By Jan Bazen

NASCAR has finally gotten with the program and mandated the use of head and neck restraints for all drivers. It's just a shame that so many drivers died before NASCAR decided to put in the rule book. I don’t know for sure if it would have saved any of their lives, but I do know that the use of head restraints in itself, would not have killed them.

NASCAR is also interviewing people for the position of full-time medical liaison. This person will attend all Winston Cup events and maintain health records of all drivers. This should help with continuity of care when a driver is injured. Once again, this position should have been created years ago, but better late than never.

NASCAR is also reviewing applicants for a full-time accident investigator. Wouldn't it be nice if that position was only needed part-time or not at all? However, accidents in this sport do and will continue to occur and an investigator is needed.

Jeff Green, defending NASCAR Busch Series Champion, feels so strongly about the use of head and neck restraints that he offered to purchase one for any driver that could not afford to purchase one themselves. I admire Green for his willingness to help other drivers not as fortunate as himself. He also stated that after this offer was made, some drivers purchased the safety restraints and came to him for assistance in their use and fitting.

Just as Green feels strongly about the use of head and neck restraints, Tony Stewart feels just as strongly against the use of the restraints being mandated. Stewart claims that he has claustrophobia and after trying several times to wear the two types of restraints now offered, still feels uncomfortable wearing them. While I can sympathize with Stewart’s concerns, I still feel like one of the restraints should be able to be adjusted to fit his needs.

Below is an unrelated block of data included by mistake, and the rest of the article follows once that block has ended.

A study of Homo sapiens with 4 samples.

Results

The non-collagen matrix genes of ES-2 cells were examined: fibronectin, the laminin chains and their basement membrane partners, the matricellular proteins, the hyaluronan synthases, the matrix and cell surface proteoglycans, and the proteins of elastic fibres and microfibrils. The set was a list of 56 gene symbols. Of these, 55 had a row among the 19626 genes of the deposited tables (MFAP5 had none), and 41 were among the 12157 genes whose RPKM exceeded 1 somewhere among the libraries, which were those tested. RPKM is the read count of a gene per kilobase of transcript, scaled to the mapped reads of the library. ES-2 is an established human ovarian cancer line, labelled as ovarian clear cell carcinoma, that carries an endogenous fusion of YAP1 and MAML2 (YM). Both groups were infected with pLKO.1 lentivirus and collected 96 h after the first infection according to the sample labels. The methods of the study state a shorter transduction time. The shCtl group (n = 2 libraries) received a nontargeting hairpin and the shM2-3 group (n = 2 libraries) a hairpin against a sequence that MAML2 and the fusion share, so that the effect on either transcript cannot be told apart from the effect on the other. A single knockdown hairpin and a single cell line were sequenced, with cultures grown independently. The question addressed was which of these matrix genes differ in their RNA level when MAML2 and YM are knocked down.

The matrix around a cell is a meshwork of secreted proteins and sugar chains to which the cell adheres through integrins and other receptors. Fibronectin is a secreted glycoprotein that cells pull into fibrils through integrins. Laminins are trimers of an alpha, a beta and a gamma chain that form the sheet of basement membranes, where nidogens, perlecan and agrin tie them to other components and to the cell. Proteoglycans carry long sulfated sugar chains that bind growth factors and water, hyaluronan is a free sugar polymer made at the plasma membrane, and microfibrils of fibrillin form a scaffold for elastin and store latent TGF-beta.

Some drivers were hesitant to use the restraints originally for fear of being kept alive with the neck left intact but the brain damaged. These fears are very relevant.  Drivers understand that although you can restrain the neck and head, there is no way of developing a safety device to keep the brain restrained during these crashes. The brain is suspended in spinal fluid and will continue to bounce inside the skull from the impact of the crash. This bouncing, known as "coup-counter-coup", can cause all types of brain injuries, many with long term effects. It is this type of injury that all drivers fear. Many of the disabilities can be overcome with time and therapy, but recovery can go on for several years. However, if the injury is serious enough, permanent disabilities or death can occur. Many drivers say they would rather die quickly than be left with permanent impairments. Most drivers realize that safety must come first before any other concerns.

Just as seatbelts have saved many lives, I also believe that the use of neck and head restraints can save lives in some crashes.

I feel this mandate should be in memory of those drivers recently lost due to closed head injuries: Blaise Alexander, Dale Earnhardt, Sr., Adam Petty, Kenny Irwin, and Tony Roper.

email Jan Bazen

Jan is aN RN who lives on the North Carolina coast with her husband, three children and her dog. When not watching or reading about NASCAR,  she enjoys fishing...any kind of fishing.  She also enjoys gardening and reading.  Although Jan is new to the sport of NASCAR, she was exposed to NASCAR from the early, tender age of 5 by her older brother, Fred, who has always been a diehard NASCAR fan. Jan welcomes any comments or opposing views.  You can contact her by clicking on the North Carolina tag above.